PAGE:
Tuesday, 13 December 2011

The Standing Poem

If a piece of card is folded once, an astonishing thing happens – the card can stand up ! It has an air of self-possession about it. It holds its place.

If the words are then printed on the front of the card, rather than inside, something equally miraculous occurs – poetry moves from the private into the public realm ! Instead of being assigned to a secluded, literary space, it enters the ordinary, everyday world, taking part in the occasion.

The words are not painted on a wall or carved in stone. The card is a modest format. It sits quietly within the situation, making a difference, suggesting another possibility.

Our relation to literary products is usually voluntary; you go to the shelf to find the book to look up the poem. By contrast, a card is available at a glance. You can forget it for days or weeks and then come into a room and discover it again. It takes you by surprise.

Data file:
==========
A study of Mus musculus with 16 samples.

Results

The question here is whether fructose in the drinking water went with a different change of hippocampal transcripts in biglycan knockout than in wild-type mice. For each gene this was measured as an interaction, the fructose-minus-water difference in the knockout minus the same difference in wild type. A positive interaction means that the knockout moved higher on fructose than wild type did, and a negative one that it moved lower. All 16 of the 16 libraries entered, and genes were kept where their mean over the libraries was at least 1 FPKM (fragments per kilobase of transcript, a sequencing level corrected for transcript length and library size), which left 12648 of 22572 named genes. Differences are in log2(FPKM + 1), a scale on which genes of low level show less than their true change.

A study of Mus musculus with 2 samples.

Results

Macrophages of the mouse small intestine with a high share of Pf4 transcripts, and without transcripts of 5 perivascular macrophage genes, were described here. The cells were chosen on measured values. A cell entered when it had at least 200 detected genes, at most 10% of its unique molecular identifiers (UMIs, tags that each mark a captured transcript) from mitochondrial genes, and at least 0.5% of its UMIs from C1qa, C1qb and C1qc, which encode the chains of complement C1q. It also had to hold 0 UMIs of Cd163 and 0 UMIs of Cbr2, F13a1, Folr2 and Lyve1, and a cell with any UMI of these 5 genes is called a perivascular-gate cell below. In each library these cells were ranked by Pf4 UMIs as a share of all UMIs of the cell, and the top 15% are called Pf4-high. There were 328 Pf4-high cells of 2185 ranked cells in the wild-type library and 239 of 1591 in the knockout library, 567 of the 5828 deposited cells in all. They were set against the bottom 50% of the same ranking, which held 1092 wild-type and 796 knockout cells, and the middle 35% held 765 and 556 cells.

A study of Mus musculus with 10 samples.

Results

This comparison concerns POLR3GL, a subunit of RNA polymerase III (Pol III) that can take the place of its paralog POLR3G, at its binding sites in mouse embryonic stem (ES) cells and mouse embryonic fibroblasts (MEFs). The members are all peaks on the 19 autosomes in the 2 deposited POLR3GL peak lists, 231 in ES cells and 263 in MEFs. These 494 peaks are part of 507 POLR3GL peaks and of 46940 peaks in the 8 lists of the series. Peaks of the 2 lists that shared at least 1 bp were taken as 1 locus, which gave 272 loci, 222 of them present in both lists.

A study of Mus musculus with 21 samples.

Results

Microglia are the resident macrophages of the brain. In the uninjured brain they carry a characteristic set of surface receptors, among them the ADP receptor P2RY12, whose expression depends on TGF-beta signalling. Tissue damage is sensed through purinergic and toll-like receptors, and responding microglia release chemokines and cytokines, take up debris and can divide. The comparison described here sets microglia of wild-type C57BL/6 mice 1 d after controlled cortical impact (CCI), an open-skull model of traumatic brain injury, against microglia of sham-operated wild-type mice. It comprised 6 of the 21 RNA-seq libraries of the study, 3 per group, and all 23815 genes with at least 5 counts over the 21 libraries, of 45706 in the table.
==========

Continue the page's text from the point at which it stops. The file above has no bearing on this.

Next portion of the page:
The model fishing boat in the photograph was made by Ian Hamilton Finlay who, in 1965, invented the ‘standing poem’.

Saturday, 3 December 2011


In the semiological theory of Saussure and Barthes, a first-order level of signs (the level of assigned meanings, or denotation) is augmented by a second-order level (of associations, or connotations). Behind the apparent meaning is an ideologically-motivated set of cultural assumptions on which the meaning draws.

But connotations are notoriously vague. They are as likely to lead, in reverie, to the dissolution or diversion of meanings as to their condensation. Poetry seems to be an art that hesitates and hovers, keeping the uncertainty of connotations in play for as long as possible.

These days, no one knows the names of butterflies, so for a brief moment the words of the names can float free from any indicative function, their colours released.